I’m an observer. I like to listen to people a lot more than I like to talk.
It’s not that I’m worried about talking – rather, I learn more when I listen. And, I find people to be fascinating. It’s simple, isn’t it?
Ironically, as a marketing and business management consultant, my job seems to be to talk --- share what I know, help people get better and grow their businesses.
Let me let you in on a secret.
When I facilitate strategic discussions with organizations, or run departmental meetings for clients, I don’t talk very much. I don’t force the discussion to go one way or another.
Most of the time, the clients have good ideas that have not been explored or, even, discussed openly. When I’ve done my best work, I’ve asked questions and facilitated a discussion that was needed --- where those hidden ideas become visible.
After I’ve completed my preparation, my strategy in the meeting boils down to 4 words – probably the best 4 words of advice I ever received.
Ask Questions AND Listen.
By following that advice, I’ve managed to build better teams. I’ve learned more that is of value. I’ve learned to ask better questions. I’ve learned on a daily basis that I have so much more to learn.
Of course, I share what I know appropriately. I think of it more as teaching. For me, the best teachers are engaging. They teach, share and encourage new ways of thinking. And, they ask questions.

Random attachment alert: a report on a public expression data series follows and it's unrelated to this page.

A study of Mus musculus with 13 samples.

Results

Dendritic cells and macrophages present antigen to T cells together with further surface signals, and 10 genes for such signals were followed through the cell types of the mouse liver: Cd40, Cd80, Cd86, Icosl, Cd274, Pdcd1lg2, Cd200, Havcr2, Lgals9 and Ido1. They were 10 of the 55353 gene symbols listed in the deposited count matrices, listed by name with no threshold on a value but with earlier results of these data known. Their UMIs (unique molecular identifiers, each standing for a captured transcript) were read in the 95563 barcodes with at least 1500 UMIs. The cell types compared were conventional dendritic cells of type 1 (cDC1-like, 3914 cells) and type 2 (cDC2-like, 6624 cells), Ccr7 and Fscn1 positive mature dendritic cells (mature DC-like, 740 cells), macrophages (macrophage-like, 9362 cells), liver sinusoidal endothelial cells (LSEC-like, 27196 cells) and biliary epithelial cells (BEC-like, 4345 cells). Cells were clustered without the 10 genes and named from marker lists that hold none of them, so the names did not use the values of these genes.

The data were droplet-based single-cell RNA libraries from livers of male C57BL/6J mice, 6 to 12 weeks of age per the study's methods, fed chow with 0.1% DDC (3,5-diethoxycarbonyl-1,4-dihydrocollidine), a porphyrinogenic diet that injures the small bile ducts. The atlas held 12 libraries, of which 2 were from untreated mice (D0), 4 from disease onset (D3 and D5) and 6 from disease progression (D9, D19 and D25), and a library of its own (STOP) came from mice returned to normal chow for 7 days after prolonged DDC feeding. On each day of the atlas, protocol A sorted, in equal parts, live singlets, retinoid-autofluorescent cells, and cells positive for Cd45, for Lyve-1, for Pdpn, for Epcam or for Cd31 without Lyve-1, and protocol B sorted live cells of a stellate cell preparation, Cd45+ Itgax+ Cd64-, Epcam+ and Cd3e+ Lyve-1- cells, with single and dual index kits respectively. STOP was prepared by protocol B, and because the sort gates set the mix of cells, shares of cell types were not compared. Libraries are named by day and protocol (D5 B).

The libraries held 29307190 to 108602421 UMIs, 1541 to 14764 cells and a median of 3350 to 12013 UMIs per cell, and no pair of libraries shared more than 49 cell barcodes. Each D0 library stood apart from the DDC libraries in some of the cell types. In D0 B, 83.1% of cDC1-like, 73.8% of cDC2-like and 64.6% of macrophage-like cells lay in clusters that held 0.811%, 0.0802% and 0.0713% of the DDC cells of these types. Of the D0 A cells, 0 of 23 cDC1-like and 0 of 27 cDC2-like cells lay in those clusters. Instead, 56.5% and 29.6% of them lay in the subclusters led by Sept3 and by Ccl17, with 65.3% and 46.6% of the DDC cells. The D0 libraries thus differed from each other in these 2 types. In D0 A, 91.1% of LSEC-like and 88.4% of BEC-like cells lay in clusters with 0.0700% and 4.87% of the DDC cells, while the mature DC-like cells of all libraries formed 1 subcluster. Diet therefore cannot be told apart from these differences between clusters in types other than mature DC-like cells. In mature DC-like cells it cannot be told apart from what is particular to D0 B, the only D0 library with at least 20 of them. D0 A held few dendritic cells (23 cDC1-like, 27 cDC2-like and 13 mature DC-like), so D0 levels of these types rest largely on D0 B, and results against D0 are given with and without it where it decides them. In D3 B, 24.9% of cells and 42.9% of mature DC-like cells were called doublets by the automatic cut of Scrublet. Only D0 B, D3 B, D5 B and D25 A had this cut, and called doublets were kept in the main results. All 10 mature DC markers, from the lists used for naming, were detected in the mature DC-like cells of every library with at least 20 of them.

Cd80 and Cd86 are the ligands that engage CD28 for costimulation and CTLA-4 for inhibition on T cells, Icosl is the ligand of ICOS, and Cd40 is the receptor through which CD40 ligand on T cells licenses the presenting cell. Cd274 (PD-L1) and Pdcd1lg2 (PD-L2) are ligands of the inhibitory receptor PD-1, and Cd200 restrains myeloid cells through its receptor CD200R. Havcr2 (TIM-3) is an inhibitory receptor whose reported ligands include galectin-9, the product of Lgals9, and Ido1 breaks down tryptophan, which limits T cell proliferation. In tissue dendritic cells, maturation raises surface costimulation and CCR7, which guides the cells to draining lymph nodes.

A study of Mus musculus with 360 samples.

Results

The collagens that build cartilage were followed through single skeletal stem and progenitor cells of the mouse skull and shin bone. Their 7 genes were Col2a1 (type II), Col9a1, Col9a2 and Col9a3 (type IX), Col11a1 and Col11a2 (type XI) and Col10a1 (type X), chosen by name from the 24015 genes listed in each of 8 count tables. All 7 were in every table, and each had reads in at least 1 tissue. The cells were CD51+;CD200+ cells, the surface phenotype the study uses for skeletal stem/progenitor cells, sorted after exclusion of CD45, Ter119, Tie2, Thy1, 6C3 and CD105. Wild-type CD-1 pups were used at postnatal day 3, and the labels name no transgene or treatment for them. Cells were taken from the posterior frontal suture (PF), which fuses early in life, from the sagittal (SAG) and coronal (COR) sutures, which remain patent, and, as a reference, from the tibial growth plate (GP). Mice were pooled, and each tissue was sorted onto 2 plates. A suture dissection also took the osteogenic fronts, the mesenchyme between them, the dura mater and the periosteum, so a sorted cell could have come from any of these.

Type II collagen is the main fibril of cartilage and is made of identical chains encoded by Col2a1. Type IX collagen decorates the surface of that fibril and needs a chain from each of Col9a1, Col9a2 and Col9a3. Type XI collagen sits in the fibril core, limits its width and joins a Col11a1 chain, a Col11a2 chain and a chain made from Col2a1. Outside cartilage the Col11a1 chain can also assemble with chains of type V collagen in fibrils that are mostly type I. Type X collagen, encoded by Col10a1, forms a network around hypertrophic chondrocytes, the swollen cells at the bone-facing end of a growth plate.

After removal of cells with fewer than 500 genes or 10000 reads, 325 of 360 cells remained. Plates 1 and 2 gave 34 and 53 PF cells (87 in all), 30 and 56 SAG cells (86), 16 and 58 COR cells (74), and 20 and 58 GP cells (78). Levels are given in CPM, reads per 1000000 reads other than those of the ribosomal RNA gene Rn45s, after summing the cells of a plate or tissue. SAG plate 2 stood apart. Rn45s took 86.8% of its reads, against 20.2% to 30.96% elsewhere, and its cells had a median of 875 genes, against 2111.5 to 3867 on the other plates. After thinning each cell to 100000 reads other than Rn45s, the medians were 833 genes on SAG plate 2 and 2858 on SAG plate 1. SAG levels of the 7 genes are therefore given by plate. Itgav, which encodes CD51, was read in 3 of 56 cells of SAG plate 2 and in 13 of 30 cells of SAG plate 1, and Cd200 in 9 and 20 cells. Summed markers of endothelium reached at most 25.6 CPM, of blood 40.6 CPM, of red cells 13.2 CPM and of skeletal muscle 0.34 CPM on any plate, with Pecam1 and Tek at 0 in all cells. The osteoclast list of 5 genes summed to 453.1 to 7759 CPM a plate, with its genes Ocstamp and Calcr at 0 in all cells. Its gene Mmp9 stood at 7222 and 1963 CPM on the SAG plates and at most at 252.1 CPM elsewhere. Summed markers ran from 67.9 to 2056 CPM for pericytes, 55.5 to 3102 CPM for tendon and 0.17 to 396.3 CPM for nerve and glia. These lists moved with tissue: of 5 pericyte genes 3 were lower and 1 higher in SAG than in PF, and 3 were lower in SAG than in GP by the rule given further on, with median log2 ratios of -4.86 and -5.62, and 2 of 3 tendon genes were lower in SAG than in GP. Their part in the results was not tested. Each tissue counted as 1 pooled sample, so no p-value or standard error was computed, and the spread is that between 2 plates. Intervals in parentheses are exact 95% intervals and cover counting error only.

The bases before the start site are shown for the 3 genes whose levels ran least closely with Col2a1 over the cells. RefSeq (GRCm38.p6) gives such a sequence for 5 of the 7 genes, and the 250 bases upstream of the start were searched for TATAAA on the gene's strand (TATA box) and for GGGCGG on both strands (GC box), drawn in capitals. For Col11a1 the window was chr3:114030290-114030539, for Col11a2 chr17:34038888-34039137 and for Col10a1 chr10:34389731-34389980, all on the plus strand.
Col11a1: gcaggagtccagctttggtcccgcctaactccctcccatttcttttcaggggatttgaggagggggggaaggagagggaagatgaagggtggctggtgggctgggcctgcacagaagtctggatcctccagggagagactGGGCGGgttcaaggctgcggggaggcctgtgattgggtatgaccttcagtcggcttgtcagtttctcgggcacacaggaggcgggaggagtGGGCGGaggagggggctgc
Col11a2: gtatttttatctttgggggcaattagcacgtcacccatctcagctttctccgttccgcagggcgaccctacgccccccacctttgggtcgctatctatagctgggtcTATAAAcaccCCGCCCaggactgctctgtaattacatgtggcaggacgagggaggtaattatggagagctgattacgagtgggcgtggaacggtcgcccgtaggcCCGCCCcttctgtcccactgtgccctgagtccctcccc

I was on a call recently with a client and another “expert” in our industry. The conversation was supposed to be about helping the client. Trust me --- They needed help!
However, the other expert on the call seemed to know everything. He had ALL the answers. Just ask him. He would not listen to new ideas and new concepts – even when the client seemingly begged him to listen and reconsider his position.
It was amazing and frustrating.
It seemed like his goal was to make everyone else feel stupid.
In fact, we just felt like it was a waste of time. The client had goals and ideas that NEEDED to be heard. They NEEDED to be discussed.
After the conclusion of our conference call, the client called me back and asked if I knew anyone else that could help with the expertise they were hoping to get from the “expert” on the call with us.
He was so smart that the client didn’t want to work with him any longer. He just wouldn’t listen.
Be a sponge. Listen. Learn.
You will be better for it. And the team you are working with will probably find you to be much more valuable to them.